Intel’s revenue streams
Intel (INTC) is increasing its exposure in data-centric markets such as DCG (Data Center Group), IoT (Internet of Things), NSG (Nonvolatile Memory Solutions Group), and PSG (Programmable Solutions Group). These segments contribute 45% to the company’s total revenues.
While PC (personal computer) continues to be Intel’s largest segment, contributing 55% to total revenues, Intel has reduced its spending in the PC market, which has been declining for the past several years.
Intel’s fiscal 2Q17 revenue
In fiscal 2Q17, Intel’s revenues rose 9% YoY (year-over-year) to $14.76 billion, driven by 16% growth in its data-centric business and 12% growth in its PC-centric business. After excluding the security group’s revenue, Intel’s revenues rose 14% YoY.
In percentage terms, NSG reported the fastest growth of 58% YoY. In dollar terms, the PC business reported the largest revenue growth of $875 million, but this growth is not sustainable because PC shipments are declining. According to Gartner, worldwide PC shipments fell 4.3% YoY in calendar 2Q17.
Intel is banking on DCG and IoT for future growth. The two segments’ combined revenues only rose 8.6% YoY in fiscal 2Q17. The slower growth of these two segments has kept investors cautious. Intel’s stock has been trading near its 52-week low, despite the company’s strong earnings.
Did AMD’s Ryzen impact Intel’s revenues?
In fiscal 2Q17, Advanced Micro Devices (AMD) launched its Ryzen 7 and Ryzen 5 desktop CPUs (central processing units), which raised concerns that it would take PC processor market share from Intel. However, Intel’s PC revenues rose 2.5% sequentially in fiscal 2Q17, which was better than its normal seasonal decline of 2%–3%.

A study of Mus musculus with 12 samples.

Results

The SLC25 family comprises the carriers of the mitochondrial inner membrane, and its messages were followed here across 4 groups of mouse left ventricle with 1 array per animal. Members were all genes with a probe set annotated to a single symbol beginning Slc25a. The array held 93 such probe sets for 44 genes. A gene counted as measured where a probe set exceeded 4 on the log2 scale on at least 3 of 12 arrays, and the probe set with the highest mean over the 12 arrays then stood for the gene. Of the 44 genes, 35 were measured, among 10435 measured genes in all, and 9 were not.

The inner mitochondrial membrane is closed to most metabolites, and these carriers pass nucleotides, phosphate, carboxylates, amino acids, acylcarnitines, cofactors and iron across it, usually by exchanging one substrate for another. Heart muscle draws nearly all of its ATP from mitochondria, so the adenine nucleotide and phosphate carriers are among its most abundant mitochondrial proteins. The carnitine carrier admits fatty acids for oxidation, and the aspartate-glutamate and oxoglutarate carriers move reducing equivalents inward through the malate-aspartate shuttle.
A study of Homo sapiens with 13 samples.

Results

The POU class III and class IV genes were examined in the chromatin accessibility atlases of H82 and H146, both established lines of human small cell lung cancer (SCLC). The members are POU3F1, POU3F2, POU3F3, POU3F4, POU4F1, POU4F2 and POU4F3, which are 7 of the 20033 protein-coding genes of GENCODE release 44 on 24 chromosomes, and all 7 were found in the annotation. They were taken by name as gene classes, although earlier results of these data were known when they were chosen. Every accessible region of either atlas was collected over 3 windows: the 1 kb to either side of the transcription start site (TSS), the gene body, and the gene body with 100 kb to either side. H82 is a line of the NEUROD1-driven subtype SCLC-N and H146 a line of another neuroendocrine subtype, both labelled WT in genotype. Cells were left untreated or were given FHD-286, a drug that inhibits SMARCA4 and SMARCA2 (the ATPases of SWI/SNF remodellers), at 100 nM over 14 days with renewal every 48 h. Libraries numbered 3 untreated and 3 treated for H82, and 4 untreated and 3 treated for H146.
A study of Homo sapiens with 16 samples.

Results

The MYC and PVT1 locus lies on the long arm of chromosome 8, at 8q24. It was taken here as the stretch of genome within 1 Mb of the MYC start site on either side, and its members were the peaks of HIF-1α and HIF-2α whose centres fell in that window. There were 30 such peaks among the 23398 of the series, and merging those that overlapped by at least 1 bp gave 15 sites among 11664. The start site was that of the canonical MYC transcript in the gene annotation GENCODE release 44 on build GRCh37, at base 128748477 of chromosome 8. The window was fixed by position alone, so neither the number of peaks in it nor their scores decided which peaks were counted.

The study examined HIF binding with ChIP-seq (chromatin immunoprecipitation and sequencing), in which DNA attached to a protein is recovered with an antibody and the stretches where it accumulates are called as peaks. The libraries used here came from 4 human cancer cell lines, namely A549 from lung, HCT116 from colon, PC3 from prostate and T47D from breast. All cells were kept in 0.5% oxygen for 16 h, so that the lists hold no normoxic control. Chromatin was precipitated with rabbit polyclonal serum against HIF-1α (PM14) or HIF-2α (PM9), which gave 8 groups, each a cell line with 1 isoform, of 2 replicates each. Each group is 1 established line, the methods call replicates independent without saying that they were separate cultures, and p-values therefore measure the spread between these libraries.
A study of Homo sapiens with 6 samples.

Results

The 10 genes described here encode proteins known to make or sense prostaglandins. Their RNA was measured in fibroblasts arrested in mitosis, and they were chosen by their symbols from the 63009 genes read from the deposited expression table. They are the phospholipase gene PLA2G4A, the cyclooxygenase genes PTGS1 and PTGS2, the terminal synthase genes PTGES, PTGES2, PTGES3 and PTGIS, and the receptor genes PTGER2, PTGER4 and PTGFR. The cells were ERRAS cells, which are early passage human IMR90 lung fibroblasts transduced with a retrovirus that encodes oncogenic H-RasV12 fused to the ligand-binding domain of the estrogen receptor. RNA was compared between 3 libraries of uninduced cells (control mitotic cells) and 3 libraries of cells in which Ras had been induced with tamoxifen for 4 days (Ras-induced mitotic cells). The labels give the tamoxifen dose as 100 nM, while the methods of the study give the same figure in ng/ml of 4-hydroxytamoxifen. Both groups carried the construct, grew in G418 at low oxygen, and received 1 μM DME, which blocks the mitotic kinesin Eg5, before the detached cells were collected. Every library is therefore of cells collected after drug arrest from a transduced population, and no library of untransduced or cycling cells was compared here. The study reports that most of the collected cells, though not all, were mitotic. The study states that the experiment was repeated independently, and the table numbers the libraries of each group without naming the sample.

Bernstein analyst Stacy Rasgon stated that Intel’s better-than-seasonal PC revenues were driven by significant over-shipments to channels. The revenue growth was largely driven by strong shipments of notebooks—a market wherein AMD has not yet launched competitive products. However, the launch of AMD’s Ryzen desktop CPUs pulled down Intel’s desktop CPU ASP (average selling price) by 2% in fiscal 2Q17.
AMD’s Ryzen did not impact Intel’s fiscal 2Q17 revenues, but it may have an impact going forward, as the former’s earnings will likely include sales of its Ryzen mobile processors, its very high-end Threadripper desktop processor, and its EPYC server processor. These processors will directly compete with Intel’s PC growth.
Intel’s fiscal 2017 revenue guidance
For fiscal 3Q17, Intel expects its revenues to rise 6% sequentially to $15.7 billion. On a YoY basis, revenues should remain flat because fiscal 3Q16 included revenue from its security business. If we exclude the security business, Intel’s revenues are expected to grow 3% YoY.
Intel has increased its fiscal 2017 revenue guidance by $1.3 billion to $61.3 billion. This guidance includes modem revenues from Apple (AAPL) and $200 million in revenues from the Mobileye acquisition in fiscal 2H17.
Next, we’ll examine Intel’s profitability.